Why 'Little Shop of Horrors' Is Uniquely Traumatizing

The musical satire is actually body horror and I won't be convinced otherwise.

little shop of horrors, audrey ii, ellen greene,
FEED MEEE | Warner Bros.
FEED MEEE | Warner Bros.

Most everyone's first brush experiencing terror through fiction is particularly scarring. Maybe yours came from watching The Texas Chainsaw Massacre or something way too young. Mine, very stupidly, was the regional theater production of Little Shop of Horrors; it was right after the giant human flesh-eating plant puppet Audrey II ate its caretaker, flower shop assistant Seymour Krelborn, in the musical's third act that I had my first full-blown breakdown and my parents had to drag a shrieking and crying 7-year-old away from the stage. 

What mostly haunts me from that performance was the bulbous venus flytrap-looking thing from space towering in a corner of the stage bellowing "FEEED MEEE" and villainously laughing, thick roots cracking open its giant clay pot and sprouting "arms" and "legs" to lurch and snake around people to shove into its disgusting, toothy alien plant mouth. "Haha haha!!! You were so scared!" my empathetic mother texted when I reminded her of this recently. "It didn't seem so real to me but I guess you thought it was!" Yeah, no shit! I probably didn't even have the conceptual processing power to think that people could be swallowed whole!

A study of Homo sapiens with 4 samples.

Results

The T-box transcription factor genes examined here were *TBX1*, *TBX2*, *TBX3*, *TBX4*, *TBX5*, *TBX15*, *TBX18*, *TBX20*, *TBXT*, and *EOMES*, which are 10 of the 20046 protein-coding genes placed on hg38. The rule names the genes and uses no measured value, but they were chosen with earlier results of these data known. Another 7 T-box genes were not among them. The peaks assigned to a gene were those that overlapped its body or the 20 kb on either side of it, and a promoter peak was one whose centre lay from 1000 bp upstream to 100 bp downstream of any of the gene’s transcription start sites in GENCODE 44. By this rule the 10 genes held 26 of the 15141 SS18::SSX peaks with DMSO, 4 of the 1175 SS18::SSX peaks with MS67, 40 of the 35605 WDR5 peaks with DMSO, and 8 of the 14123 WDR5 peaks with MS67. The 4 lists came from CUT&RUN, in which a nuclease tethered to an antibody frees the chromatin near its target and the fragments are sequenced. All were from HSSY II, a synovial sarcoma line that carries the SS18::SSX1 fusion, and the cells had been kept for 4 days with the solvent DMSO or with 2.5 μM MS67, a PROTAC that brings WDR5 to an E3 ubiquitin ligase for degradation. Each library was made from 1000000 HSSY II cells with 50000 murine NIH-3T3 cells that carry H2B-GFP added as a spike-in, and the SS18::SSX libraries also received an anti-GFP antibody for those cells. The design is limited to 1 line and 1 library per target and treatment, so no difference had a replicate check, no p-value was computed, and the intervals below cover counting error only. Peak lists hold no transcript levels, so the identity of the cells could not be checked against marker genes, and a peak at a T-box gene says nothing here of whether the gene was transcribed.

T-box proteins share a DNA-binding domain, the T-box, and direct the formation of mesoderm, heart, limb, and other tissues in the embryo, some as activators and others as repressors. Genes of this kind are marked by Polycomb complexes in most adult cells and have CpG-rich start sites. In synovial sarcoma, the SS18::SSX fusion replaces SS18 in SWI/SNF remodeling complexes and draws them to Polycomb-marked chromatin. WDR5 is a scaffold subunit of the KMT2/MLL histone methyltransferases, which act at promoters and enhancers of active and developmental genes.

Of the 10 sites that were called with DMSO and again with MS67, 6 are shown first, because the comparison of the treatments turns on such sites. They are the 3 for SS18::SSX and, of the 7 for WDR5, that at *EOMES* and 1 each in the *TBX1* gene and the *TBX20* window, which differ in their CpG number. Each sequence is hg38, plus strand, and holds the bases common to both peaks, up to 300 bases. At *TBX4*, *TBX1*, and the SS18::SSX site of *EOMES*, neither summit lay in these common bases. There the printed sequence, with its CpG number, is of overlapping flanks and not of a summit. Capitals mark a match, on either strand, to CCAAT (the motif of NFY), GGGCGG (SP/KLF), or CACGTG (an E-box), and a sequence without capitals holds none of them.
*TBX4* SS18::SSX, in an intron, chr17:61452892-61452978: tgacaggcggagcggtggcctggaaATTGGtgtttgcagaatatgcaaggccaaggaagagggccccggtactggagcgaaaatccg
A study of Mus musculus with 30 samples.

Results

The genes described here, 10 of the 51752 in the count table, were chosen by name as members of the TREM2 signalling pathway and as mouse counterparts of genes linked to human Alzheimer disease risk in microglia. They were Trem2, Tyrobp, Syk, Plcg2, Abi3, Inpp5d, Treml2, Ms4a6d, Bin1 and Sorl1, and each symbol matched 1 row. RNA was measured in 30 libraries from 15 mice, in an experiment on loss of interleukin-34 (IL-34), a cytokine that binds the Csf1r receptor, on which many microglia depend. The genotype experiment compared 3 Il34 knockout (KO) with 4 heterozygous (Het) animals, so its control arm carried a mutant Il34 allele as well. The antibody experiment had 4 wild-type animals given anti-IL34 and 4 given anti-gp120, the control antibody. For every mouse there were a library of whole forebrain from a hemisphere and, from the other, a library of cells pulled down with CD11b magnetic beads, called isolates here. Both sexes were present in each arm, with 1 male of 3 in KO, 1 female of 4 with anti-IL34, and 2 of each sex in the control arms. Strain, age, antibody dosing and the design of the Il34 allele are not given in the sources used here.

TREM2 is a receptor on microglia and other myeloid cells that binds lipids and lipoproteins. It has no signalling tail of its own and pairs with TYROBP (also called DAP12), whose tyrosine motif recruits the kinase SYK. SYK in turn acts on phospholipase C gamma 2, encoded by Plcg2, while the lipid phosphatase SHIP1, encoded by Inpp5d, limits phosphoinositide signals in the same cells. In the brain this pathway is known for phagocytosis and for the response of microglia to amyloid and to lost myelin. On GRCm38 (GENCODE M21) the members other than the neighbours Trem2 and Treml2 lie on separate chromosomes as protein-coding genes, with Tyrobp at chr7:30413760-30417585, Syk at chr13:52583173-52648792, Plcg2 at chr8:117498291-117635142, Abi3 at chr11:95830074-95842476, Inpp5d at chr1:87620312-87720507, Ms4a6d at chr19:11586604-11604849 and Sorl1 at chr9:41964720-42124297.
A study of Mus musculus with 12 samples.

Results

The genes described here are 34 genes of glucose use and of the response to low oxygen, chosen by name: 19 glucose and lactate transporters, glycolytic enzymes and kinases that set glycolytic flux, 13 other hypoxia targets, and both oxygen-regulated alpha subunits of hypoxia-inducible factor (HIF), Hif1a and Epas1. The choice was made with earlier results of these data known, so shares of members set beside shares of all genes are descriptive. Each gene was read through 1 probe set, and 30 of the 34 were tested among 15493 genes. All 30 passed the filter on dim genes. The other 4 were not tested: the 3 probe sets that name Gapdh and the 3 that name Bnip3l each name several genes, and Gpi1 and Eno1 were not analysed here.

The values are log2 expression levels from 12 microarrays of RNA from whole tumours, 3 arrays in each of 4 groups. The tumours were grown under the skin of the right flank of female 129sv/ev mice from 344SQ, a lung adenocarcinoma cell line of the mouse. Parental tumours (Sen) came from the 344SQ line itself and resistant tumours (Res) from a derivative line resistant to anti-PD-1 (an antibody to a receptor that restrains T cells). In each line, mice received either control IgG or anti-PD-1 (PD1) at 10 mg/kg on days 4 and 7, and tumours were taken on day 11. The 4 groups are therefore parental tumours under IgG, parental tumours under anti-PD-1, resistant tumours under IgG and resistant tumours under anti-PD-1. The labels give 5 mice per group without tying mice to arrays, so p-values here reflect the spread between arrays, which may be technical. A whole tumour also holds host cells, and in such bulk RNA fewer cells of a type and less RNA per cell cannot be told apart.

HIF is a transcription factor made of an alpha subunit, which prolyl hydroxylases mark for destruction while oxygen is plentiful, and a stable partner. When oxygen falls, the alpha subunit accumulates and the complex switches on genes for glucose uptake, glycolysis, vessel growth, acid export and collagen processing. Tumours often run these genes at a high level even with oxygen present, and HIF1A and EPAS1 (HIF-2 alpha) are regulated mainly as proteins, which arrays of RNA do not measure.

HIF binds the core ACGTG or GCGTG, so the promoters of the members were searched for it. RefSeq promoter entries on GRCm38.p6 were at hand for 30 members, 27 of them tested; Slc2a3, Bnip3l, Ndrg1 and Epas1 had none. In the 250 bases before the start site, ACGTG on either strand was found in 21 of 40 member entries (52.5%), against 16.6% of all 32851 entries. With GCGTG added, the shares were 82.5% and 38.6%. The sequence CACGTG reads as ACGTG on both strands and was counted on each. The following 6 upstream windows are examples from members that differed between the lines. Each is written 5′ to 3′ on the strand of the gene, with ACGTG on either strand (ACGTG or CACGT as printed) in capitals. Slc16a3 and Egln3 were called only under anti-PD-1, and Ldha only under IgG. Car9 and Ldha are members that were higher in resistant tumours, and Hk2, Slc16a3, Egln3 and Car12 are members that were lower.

audrey ii, little shop of horrors
No!!! | Murray Close/Sygma/Sygma via Getty Image

This memory has lurked in my brain for more than two decades, distorting itself into a more ominous yet cartoonish scene over time, and surely by now I was prepared to confront and overcome this silly childhood trauma from a satire set to catchy doo-wop songs and ballads. So last week I turned on the 1986 Frank Oz movie (a remake from Roger Corman's original 1960 version with a young Jack Nicholson), starring Rick Moranis as Seymour, which started out fine, fun even, until Audrey II, the mysterious talking plant obtained from an "exotic" Chinese plant shop (racist!) named after Seymour's love played by Ellen Greene, coaxed him into suckling his fingers for blood sustenance. The image of Seymour's taped-up fingers is body horror and I can't be convinced otherwise. 

Everyone I've whined to about this remembers the scary dentist, played by Steve Martin here. Somehow his sadistic practice and Seymour chopping up his body with an axe to feed his parts wrapped in newspaper to a now-large Audrey II did not lodge itself into my mind as a kid, but it sure did this time. It's maybe not the murder, projected by shadow, that's horrifying to me; it's feeding the plant's moist worm lips, expectant, grotesque veiny purple mouth, its wretched orchid tongue, its crooked cuspids that makes me recoil. To me, it looks like the fleshy viscera that would coat the vile walls of Hell.

I didn't know, couldn't be bothered to look it up, that there are two endings of Little Shop of Horrors: the original one where Audrey II wins, its saplings sold commercially, and takes over the world, and the 1986 one, where Seymour and Audrey get lucky in an electrical malfunction and explode the alien plant. (Reportedly, Oz shot both endings and the darker one tested extremely poorly with audiences.) The "happier" ending was too little too late for me, though, the horror already reinforced by staring down the dank inside of Audrey II's putrid mouth that a reprise of "Suddenly Seymour" could not, and probably never will, puncture.